When You’re Not Sure What’s Most Important: A Course in Priorities, Courtesy of John Franklin Stephens & Tim Shriver
I settled down at my desk to start my workday, plunging into administrative tasks. Deep down, I knew that this wasn’t the best idea, but I didn’t feel like writing. I didn’t have any ‘good’ ideas.
But then I started feeling guilty. Why hadn’t I called my friends in the Northeast, where Hurricane Sandy hit? Granted, I knew they were safe, but I wanted to hear their voices.
So I made a few calls. But then I felt guilty that I wasn’t getting work done. I thought, My inner perfectionist is having a field day today.
The feelings of guilt seemed to stem from being stuck between competing demands. But when I considered other times when this feeling of frustration had arisen, a pattern started emerging. Frustration kicks in when neither of the things I’m doing is the thing I most need to do.
True, I need to do administrative work for my business, and I take time to talk with friends during the workweek. But what makes or breaks my workday is whether or not I do creative writing.
Until I do some real writing, I feel adrift. When I deny that priority, everything else in my workday feels out of whack. But when I put it at the top of my list, everything else flows from there.
Sometimes we lose sight of our priorities, and it takes a crisis to reveal them anew. We never wish for crises to come, but such defining moments do have a way of bringing out what matters most.
For example, Ann Coulter’s recent use (and defense of) the r-word set off a firestorm of controversy. Yet the heartfelt responses to her insensitivity have blown me away. One need only read this letter from John Franklin Stephens on Tim Shriver’s blog to her to see how powerful grace-filled words can be.
When I read his letter, I wiped away tears and thought to myself: Thank God John Franklin Stephens was willing to spend a day writing this … and thank God Tim Shriver took the time to post it.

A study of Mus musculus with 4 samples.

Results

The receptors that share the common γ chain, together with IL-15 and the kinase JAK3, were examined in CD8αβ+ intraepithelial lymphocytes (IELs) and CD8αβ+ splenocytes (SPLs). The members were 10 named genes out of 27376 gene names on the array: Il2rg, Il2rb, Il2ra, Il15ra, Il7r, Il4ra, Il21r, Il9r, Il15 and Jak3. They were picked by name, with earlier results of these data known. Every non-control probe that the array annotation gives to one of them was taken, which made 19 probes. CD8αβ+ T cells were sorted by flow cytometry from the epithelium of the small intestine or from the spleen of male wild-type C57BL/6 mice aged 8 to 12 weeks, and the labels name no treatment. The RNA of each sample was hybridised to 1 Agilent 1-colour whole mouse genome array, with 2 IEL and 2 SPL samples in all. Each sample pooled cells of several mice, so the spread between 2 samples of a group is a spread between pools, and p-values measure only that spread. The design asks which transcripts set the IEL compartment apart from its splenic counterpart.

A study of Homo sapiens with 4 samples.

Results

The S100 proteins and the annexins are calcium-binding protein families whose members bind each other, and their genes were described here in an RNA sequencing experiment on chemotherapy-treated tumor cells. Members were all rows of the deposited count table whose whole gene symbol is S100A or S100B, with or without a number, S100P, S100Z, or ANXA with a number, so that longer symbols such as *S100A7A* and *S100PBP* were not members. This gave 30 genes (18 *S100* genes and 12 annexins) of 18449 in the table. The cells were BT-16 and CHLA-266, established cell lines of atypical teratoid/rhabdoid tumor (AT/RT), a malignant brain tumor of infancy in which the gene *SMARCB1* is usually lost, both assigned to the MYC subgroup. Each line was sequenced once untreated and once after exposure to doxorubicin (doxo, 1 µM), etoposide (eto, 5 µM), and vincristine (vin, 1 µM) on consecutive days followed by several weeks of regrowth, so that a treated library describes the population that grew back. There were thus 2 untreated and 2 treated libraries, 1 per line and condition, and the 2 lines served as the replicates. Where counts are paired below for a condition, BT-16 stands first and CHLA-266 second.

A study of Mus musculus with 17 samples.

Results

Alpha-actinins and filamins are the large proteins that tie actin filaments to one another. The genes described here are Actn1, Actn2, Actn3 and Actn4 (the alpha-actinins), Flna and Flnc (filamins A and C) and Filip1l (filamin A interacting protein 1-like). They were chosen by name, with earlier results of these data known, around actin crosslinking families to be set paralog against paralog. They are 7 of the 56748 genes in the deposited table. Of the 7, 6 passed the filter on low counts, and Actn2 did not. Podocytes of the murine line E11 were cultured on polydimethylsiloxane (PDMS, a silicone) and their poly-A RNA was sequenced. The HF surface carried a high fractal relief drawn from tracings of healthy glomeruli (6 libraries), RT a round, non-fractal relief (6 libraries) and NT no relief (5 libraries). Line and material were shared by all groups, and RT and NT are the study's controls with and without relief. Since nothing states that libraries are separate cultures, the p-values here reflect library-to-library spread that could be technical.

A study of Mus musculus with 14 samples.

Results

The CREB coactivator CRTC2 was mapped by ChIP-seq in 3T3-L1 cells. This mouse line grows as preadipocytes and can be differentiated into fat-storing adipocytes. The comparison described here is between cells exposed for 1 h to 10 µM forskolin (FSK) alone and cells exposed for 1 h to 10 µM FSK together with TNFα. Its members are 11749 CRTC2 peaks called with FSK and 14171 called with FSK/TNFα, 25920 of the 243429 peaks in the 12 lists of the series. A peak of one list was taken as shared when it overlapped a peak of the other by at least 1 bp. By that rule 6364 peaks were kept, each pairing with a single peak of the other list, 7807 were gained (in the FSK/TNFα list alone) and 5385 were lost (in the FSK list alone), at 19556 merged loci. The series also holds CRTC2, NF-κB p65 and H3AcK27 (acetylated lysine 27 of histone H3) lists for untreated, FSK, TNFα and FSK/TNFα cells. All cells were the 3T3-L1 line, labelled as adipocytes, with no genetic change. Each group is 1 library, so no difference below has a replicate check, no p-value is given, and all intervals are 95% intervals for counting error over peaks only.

I’m sure there were many other things both men could have done with their time; I’m sure that they had to set some things aside in order to share this post with the world. In fact, I know that they had to set aside anger and defensiveness. They could have lashed out; instead, they chose to tell the truth with love.
Not sure what you need to prioritize today? Ask: At the end of the day, what will haunt me if I don’t make progress on it? (Or, What would give me a feeling of freedom if I did do it?)
We tell ourselves we’re “too busy” to listen for true answers to these questions, but what we really mean is, “I’m too afraid.” Why? Because listening in to our true priorities can be scary. It can lead us in new directions, ones that diverge from the paths that others expect us to take. It can seem selfish.
Yet Stephens’ letter reminded me that it’s much easier to be kind and loving towards others when your own priorities are clear.
As an ambassador for the Special Olympics, Stephens prioritizes a message of welcome and inclusion … one that extends even to those who would ridicule people with disabilities.
There’s one last thing I should tell you: When I worked as a program director at L’Arche* Arlington, Tim Shriver would visit our homes on a regular basis. He even had a workspace in a L’Arche basement, where he’d come to do research and write.
Shriver is the Chairman and CEO of the Special Olympics, which supports nearly 4 million athletes each year. He could have chosen to work in a posh office, but he prioritized visiting with our humble community.
Working from L’Arche might seem like a strange decision for a CEO, just as coming to serve there might seem like a counter-intuitive choice for a would-be writer and Vassar College graduate. But L’Arche has inspired both of us to write by surrounding us with people about whom we can say, with John Franklin Stephens:
“No one overcomes more than [they] do and still loves life so much.”
What helps you to prioritize each day? Join the conversation in the comments!